It’s the latest sign of the party’s lurch away from democratic ideals and practices, a shift that predates Trump but one that has accelerated precipitously since. Now, according to data released by an international team of political scientists just before the Nov. 3 election, it’s possible to quantify the extent to which the Republican Party no longer adheres to such principles as the commitment to free and fair elections with multiple parties, the respectful treatment of political opponents and the avoidance of violent rhetoric.The article goes on to say that the researchers found that Republicans have started to demonize their political opponents in the last ten years, but Democrats never do that.
“The Republican Party in the U.S. has retreated from upholding democratic norms in recent years,” said Anna Lührmann, a political scientist at the University of Gothenburg in Sweden and a former member of the German parliament. “Its rhetoric is closer to authoritarian parties, such as AKP in Turkey and Fidesz in Hungary.”
This is almost too stupid for comment. The vast majority of all political demonization in the last five years in the mainstream media has been attacks on Donald Trump.
Even today, Trump is the one who is insisting on statutory counts and certified results. The press is attacking for not accepting unofficial news media projections. Hillary Clinton and many other prominent Democrats are still complaining that the 2000 and 2016 elections were stolen.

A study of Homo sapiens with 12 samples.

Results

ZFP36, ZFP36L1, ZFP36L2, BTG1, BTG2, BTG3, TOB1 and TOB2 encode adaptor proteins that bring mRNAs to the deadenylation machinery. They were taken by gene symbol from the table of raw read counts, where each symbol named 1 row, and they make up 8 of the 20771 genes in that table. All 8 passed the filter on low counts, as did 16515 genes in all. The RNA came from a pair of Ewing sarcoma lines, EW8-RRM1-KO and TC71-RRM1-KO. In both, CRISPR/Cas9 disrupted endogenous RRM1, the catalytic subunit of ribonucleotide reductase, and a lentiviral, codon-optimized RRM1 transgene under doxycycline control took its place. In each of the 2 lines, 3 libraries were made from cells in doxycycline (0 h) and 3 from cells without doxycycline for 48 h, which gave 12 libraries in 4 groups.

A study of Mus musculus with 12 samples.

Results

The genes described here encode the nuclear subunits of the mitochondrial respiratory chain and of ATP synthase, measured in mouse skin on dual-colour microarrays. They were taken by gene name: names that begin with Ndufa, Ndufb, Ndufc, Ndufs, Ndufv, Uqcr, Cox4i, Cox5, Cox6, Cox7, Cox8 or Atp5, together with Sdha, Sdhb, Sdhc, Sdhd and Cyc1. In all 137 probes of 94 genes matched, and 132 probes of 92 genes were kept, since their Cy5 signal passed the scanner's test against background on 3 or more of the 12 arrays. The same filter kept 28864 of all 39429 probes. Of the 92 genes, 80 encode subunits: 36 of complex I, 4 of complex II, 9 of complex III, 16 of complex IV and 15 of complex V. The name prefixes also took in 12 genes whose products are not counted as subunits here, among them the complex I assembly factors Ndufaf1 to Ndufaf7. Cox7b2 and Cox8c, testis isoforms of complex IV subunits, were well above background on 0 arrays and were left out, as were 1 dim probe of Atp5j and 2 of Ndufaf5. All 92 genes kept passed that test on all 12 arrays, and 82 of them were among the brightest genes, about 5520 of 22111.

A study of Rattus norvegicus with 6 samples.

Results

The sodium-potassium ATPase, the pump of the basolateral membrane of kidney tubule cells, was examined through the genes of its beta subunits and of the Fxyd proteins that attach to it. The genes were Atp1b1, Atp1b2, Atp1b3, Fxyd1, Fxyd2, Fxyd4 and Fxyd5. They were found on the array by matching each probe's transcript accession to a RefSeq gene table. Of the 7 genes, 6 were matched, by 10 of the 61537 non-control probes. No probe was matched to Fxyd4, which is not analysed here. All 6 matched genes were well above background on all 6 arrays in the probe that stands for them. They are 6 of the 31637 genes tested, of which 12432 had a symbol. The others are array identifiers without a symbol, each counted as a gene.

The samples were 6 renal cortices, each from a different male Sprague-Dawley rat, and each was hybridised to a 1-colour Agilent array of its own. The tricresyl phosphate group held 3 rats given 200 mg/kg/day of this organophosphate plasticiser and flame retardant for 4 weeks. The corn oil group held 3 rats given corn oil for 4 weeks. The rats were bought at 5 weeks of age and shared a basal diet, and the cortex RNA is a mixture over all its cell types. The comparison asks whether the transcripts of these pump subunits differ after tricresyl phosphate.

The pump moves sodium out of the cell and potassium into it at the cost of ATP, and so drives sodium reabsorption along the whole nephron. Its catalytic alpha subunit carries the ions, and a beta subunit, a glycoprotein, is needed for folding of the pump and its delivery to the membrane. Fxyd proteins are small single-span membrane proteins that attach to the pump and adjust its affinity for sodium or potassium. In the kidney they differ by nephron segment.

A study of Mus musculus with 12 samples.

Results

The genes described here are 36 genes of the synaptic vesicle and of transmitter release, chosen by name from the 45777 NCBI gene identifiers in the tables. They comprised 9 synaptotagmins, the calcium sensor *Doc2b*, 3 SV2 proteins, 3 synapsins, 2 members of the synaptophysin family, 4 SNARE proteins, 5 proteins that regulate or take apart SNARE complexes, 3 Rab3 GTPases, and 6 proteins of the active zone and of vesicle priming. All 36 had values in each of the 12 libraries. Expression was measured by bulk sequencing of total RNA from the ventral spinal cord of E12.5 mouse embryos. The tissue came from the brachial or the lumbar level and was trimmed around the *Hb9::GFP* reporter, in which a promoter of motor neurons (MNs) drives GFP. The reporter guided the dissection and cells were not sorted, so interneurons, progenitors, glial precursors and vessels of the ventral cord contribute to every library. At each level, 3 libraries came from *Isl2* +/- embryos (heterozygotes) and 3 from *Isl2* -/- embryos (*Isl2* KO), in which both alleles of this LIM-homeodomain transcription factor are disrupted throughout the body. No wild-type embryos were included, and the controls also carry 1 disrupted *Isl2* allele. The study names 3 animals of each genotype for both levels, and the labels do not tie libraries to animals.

Meanwhile, it appears that Trump's last great accomplishment will have been to bring to market millions of doses of an amazingly effective COVID-19 vaccine.
But maybe not, if we don't get the vaccine before Jan. 20. Joe Biden has appointed Jewish medical ethicist Ezekiel J. Emanuel to be one of his COVID-19 advisors, and that is the guy who just published an essay in a prestigious science journal saying that Third World countries should get American vaccines before Americans.
Prioritizing the disadvantaged is a fundamental value in ethics and global health. ... Are the worst-off countries those experiencing the greatest poverty? Those where people have the lowest life expectancies? ...The main concern of these ethicists is to concoct schemes for discriminating against White Americans while devising rationales for saying that it is "not discriminatory". Jewish medical ethics are very strange.
Distributing different quantities of vaccine to different countries is not discriminatory if it effectively benefits people while prioritizing the disadvantaged.